Dragon’s blood watercolor

Dragon's blood powder

Dragon's blood powder

I just couldn’t wait to try out the dragon’s blood. I really am like a kid in a candy shop with this stuff.

Insoluble in water

Dragon's blood - insoluble in water

Now, I don’t have any previous experience with this particular material. I have read a few things about the stuff: it’s a resin from one of the Dracaena shrubs which grow in the Far East; it is a warm, transparent red that was favored in the early Middle Ages; and it is badly fugitive, which is why it hasn’t been popular since then. (Even Cennino Cennini, in his Craftman’s Handbook of the fifteenth century, warns against its use. I wouldn’t trust it for professional fine art work, but in my opinion just about any pigment is okay to use in sketches or even some illustrations.) But since I don’t have any first-hand experience, I don’t know what form the color will take. Will it be a gouache, a watercolor or an ink?

Dragon's blood watercolor swatch

Dragon's blood swatch

First I test the resin powder in water to see if it is soluble. If it is, then I may be able to use it directly as a dye-based ink, or I may be able to make a lake pigment from it. After soaking the stuff in water for a couple of hours, as you can see above, the powder remains visibly in suspension. This makes me think I might be able to grind it directly into a watercolor (watercolor over gouache, because of the reported transparency).

So I give it a shot, and it certainly does have a nice red color – as someone at WetCanvas mentioned, it looks like liquid sanguine (not too surprising, since the root meaning of “sanguine” is “blood”) – and it appears brushable. I decided to make some sketches with it.

Dragon's blood watercolor sketch

Dragon's blood watercolor sketch

These are taken from photo reference by Steve McCurry, the photographer whose portraits became famous through National Geographic magazine. The dragon’s blood is definitely transparent; however, I found myself painting quite thick in some areas, as if I were using gouache. I suppose it could be considered either one, as long as we aren’t being too sticky about whether gouache needs to always be opaque.

Dragon's blood watercolor sketch

Dragon's blood watercolor sketch

One thing I like about natural organic colors (aside from their beauty) is that they tend to be both transparent and nonstaining, which is a combination you don’t find much among the synthetic pigments. Transparent or nonstaining, to be sure; but seldom both. The transparent part means one can easily paint a complete monochrome sketch in a single watercolor; the nonstaining part means the color is very workable, even after it has dried. It’s a nice combination. “Transparent, nonstaining colors” is practically a tenet of watercolorists; however, it’s not really a reality any more, at least not in the colors I’ve tried from the art store.

I’m not done experimenting with the dragon’s blood yet; I still have to try other means of dissolving it. It’s insoluble in water, but I recall reading somewhere that it is soluble in alcohol. If it is, then I may still be able to make a dragon’s blood ink – or a lake pigment from the dissolved dye, a pigment that may have very different properties from the directly ground resin powder. We shall see.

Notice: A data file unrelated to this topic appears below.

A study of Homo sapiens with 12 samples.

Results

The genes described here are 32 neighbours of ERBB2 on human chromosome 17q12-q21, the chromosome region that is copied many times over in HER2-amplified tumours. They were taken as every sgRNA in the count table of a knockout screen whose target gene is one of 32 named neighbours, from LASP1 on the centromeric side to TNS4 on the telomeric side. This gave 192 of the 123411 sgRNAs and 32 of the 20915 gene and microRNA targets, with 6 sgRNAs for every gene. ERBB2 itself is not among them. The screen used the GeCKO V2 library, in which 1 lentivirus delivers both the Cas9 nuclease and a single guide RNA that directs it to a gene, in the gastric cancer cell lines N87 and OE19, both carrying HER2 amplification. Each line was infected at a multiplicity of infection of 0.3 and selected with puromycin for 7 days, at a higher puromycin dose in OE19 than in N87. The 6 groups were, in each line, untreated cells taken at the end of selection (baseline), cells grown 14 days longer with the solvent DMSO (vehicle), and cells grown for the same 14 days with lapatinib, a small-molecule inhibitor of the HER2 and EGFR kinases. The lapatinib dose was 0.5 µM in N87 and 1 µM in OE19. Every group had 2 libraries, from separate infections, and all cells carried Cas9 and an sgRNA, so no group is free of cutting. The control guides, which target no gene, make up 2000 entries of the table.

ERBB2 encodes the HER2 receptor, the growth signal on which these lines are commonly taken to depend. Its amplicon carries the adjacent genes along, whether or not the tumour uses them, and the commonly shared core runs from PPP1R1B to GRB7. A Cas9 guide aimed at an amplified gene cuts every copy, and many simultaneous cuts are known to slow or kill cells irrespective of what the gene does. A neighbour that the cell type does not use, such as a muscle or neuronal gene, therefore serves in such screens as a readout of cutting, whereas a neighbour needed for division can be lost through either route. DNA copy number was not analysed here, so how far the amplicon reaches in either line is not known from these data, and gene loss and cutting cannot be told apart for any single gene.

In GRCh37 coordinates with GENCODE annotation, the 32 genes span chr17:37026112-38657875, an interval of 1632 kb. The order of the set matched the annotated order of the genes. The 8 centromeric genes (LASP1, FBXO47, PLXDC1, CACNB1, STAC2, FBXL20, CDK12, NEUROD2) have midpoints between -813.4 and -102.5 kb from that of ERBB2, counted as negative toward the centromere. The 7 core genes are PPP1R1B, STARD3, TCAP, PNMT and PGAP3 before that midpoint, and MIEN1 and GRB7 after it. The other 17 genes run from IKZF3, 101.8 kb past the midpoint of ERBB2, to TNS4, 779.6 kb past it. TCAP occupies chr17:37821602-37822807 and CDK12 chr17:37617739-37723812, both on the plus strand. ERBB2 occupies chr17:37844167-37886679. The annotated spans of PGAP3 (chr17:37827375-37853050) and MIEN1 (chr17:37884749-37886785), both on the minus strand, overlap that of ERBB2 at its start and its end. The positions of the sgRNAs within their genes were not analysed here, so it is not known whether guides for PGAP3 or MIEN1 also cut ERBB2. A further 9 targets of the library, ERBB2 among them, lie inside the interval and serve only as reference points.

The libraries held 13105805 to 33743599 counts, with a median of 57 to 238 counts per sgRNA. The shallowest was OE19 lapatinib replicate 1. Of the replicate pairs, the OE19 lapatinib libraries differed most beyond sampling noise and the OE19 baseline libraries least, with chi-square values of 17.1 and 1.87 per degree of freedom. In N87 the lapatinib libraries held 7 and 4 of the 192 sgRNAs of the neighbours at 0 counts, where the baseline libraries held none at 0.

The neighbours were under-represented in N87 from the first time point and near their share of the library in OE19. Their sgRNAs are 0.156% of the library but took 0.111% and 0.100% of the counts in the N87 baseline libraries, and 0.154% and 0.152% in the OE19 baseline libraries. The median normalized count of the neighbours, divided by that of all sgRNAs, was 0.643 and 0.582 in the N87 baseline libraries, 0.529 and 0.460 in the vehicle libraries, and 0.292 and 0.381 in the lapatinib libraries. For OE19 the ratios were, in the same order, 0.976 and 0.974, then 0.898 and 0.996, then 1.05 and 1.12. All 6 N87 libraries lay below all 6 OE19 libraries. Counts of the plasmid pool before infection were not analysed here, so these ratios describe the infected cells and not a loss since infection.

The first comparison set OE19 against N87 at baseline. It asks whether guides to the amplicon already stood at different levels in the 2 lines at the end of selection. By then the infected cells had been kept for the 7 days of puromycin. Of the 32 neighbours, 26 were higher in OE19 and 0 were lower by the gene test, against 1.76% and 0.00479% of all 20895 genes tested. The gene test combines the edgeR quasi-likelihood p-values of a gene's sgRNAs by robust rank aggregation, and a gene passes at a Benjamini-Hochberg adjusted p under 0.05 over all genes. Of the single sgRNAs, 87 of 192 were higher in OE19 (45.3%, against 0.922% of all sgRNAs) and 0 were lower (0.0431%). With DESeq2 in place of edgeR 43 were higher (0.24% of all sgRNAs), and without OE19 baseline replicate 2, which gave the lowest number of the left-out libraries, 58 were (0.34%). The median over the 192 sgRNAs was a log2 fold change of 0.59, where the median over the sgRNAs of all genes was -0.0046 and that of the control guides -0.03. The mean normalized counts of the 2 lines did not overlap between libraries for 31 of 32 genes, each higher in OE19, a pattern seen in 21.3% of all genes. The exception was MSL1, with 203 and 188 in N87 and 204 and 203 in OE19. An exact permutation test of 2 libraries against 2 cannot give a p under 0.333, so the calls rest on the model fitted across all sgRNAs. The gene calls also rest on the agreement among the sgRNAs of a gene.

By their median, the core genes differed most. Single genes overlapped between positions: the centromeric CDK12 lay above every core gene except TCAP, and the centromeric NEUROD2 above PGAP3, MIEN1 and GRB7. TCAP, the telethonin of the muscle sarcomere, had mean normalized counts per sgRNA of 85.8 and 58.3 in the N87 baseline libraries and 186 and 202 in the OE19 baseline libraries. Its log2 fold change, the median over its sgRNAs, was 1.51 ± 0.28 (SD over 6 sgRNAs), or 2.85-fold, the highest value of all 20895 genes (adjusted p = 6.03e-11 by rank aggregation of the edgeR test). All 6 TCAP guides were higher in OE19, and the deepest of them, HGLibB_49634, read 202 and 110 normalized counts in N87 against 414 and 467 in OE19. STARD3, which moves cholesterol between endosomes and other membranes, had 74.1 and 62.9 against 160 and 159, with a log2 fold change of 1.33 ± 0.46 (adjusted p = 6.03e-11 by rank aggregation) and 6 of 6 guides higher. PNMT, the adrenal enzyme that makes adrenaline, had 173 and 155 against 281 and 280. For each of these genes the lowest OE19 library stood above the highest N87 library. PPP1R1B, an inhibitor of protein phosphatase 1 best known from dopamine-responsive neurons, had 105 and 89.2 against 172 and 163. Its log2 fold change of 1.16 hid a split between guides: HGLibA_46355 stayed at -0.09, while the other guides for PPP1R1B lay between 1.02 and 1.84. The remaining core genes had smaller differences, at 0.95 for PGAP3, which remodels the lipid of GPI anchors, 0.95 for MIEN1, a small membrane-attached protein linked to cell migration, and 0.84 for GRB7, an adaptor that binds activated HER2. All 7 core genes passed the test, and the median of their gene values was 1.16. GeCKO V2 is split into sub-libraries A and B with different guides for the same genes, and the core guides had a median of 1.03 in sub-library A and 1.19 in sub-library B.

1. A.Rookis Says:

    Concerning Dragonsblood….Some first hand experience. Unfortunately I suffer from LAD(Lightfastness Anxiety Disorder); and out of curiosity I wanted to test the light-fastness of a 50 year old stash of dragons blood powder I had. I mixed it as well as I could with Everclear which is over a 190 proof natural grain alcohol product and got the same color results that you show. Quite….distinctive… and real nice pinks. I put it out in direct sun-light here in southern Ohio early in July…….. Results: All the colors (including saturated swatches) dissapeared in about 3 days in direct sunlight. I think it would be useful for making parts of an underdrawing you would want to later disappear.
    Sincerely, A. Rookis

    • llawrence Says:

      Hello A,

      Sorry it took so long to approve your comment – I’m just a very busy chap these days.

      I like your idea of using dragon’s blood for a disappearing underdrawing. It was used quite a bit for manuscript illuminations, which also seems like a fine idea: books are mostly kept closed, and in the case of a monastic Bible, would have been opened under comparatively dim lighting environments. I think dragon’s blood would be appropriate for book arts or illustration, and probably not much else.

      Three days! I can see why Cennini disapproved of its use. Thanks for sharing your results!

  2. Joules Says:

    wow! your sketches are quite nice!!! I happened upon your site looking to make ink out of the Dracaena resin. As you mentioned above – it’s not soluble in water (but is in alcohol). However, the water-based inks I’ve made before use gum arabic as a thickening agent so it sticks to a dip pen. Gum arabic is not soluble in alcohol 😛 Any ideas on an alcohol-compatible thickener to make this resin an ink? Thanks! Joules

    • llawrence Says:

      Thanks for the comment and kind words, Joules, and sorry for the delay in replying. I’m not really sure about your question, except that it might have to be a proper resin rather than a gum. I don’t know if that’s ever done for inks or not – haven’t heard of it if so.